WASHINGTON (Legal Newsline) - Illinois federal judge Michael McCuskey has sentenced Duane "Butch" O'Malley, to 10 years in prison over asbestos cleanup violations.
He was also ordered to pay restitution of $47,086 to the U.S. Environmental Protection Agency and ordered to pay a fine of $15,000.
O'Malley, 59 and of Bourbonnais, Ill., was convicted by a federal jury on Sept. 26 for the illegal removal, handling and disposal of asbestos from a Kankakee building in August 2009. The government presented evidence that O'Malley, owner and operator of Origin Fire Protection, was hired by Michael J. Pinski to remove asbestos-containing insulation from pipes.
The jury ruled that neither O'Malley nor his company were trained to perform the asbestos removal work, but he was paid substantially less than a trained asbestos abatement contractor would have charged to perform the work according to the EPA.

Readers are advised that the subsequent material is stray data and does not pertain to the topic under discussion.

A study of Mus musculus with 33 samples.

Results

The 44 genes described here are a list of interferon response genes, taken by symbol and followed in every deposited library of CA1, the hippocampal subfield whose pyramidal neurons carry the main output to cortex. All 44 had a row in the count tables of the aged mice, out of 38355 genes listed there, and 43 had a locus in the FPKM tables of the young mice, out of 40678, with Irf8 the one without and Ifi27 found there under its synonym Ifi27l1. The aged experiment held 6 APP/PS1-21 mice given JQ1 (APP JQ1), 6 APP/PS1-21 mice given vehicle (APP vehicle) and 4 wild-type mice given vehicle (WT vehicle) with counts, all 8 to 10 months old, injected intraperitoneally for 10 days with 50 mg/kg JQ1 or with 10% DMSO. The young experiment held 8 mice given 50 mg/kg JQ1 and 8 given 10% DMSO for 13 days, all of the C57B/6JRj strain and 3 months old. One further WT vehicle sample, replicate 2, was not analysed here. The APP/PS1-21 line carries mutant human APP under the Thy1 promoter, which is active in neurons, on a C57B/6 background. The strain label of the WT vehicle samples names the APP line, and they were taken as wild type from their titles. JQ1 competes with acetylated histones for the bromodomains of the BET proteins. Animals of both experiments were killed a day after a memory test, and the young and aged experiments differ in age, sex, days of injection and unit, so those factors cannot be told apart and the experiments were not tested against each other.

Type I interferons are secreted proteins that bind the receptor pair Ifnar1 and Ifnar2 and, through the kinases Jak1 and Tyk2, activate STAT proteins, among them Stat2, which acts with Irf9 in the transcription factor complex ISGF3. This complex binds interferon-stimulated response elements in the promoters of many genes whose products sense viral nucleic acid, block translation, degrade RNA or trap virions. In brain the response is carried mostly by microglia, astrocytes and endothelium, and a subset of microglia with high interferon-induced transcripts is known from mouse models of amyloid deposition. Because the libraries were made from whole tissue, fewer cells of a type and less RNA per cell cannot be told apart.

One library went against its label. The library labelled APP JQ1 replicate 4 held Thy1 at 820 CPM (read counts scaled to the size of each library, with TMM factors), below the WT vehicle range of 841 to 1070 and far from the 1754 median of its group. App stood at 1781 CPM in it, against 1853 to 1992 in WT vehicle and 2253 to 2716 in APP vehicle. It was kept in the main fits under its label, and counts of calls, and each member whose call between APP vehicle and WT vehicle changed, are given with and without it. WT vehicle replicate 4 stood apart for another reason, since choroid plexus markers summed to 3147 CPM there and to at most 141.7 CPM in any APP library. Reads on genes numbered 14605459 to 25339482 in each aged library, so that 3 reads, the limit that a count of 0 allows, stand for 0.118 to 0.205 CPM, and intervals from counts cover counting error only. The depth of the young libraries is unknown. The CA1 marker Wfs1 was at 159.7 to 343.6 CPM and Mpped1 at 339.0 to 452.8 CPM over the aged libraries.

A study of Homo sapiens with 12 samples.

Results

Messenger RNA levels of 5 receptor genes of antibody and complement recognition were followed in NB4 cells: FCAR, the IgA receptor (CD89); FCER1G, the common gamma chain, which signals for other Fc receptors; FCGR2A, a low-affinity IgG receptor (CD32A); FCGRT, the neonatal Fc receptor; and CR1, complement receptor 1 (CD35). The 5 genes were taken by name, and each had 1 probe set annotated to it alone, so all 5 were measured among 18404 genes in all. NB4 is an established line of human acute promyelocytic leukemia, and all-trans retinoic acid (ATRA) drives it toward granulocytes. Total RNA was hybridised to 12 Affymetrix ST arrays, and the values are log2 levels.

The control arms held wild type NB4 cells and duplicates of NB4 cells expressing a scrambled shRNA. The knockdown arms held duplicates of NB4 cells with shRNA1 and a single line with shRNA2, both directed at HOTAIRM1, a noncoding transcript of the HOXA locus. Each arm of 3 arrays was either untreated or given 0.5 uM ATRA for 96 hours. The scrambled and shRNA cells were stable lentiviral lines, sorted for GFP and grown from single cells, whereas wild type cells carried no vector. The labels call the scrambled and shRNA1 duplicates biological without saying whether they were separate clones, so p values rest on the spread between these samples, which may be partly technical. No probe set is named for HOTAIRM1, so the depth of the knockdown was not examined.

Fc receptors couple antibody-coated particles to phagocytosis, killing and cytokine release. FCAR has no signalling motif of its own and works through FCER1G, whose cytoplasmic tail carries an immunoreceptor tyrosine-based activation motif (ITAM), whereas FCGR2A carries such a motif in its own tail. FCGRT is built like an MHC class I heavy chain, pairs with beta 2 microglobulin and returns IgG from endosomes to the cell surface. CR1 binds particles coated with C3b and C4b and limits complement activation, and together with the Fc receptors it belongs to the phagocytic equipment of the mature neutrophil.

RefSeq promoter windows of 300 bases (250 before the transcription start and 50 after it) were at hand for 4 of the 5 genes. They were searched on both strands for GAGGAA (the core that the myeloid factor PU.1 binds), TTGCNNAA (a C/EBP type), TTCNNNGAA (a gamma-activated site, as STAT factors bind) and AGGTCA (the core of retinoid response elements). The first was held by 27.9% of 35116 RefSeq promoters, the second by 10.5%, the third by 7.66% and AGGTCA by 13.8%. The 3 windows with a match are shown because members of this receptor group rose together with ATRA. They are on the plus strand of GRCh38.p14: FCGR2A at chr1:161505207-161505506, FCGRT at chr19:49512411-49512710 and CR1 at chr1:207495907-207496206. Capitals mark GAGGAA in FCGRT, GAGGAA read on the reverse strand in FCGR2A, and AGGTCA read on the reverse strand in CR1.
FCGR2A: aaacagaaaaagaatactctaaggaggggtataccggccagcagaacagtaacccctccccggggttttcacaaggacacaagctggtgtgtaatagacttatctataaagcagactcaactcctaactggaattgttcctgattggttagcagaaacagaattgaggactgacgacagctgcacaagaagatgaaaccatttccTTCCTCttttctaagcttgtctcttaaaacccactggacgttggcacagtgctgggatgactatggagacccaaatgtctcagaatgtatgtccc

"Asbestos must be removed in a safe and legal way in order to protect people's health and reduce the risk of exposure," said Cynthia Giles, assistant administrator for EPA's Office of Enforcement and Compliance Assurance.
"The defendant's actions endangered the health of his workers and the surrounding community and the sentence shows that those who violate critical environmental safeguards will be prosecuted."
The EPA alleged that the Clean Air Act and other EPA regulations were violated. Among these was the illegal disposal of the asbestos. The asbestos insulation was stripped from the pipes while dry, and then placed in more than 100 large unlabeled plastic garbage bags. The bags were then dumped in an open field in Hopkins Park, resulting in soil contamination and exposing the workers hired by O'Malley to dangerous asbestos-laden dust, the EPA alleged.
Under the CAA there are requirements to control the removal, handling and disposal of asbestos, a hazardous air pollutant. Any owner or operator of a renovation or demolition activity which involves removal of specified amounts of asbestos-containing material must comply with the EPA regulations.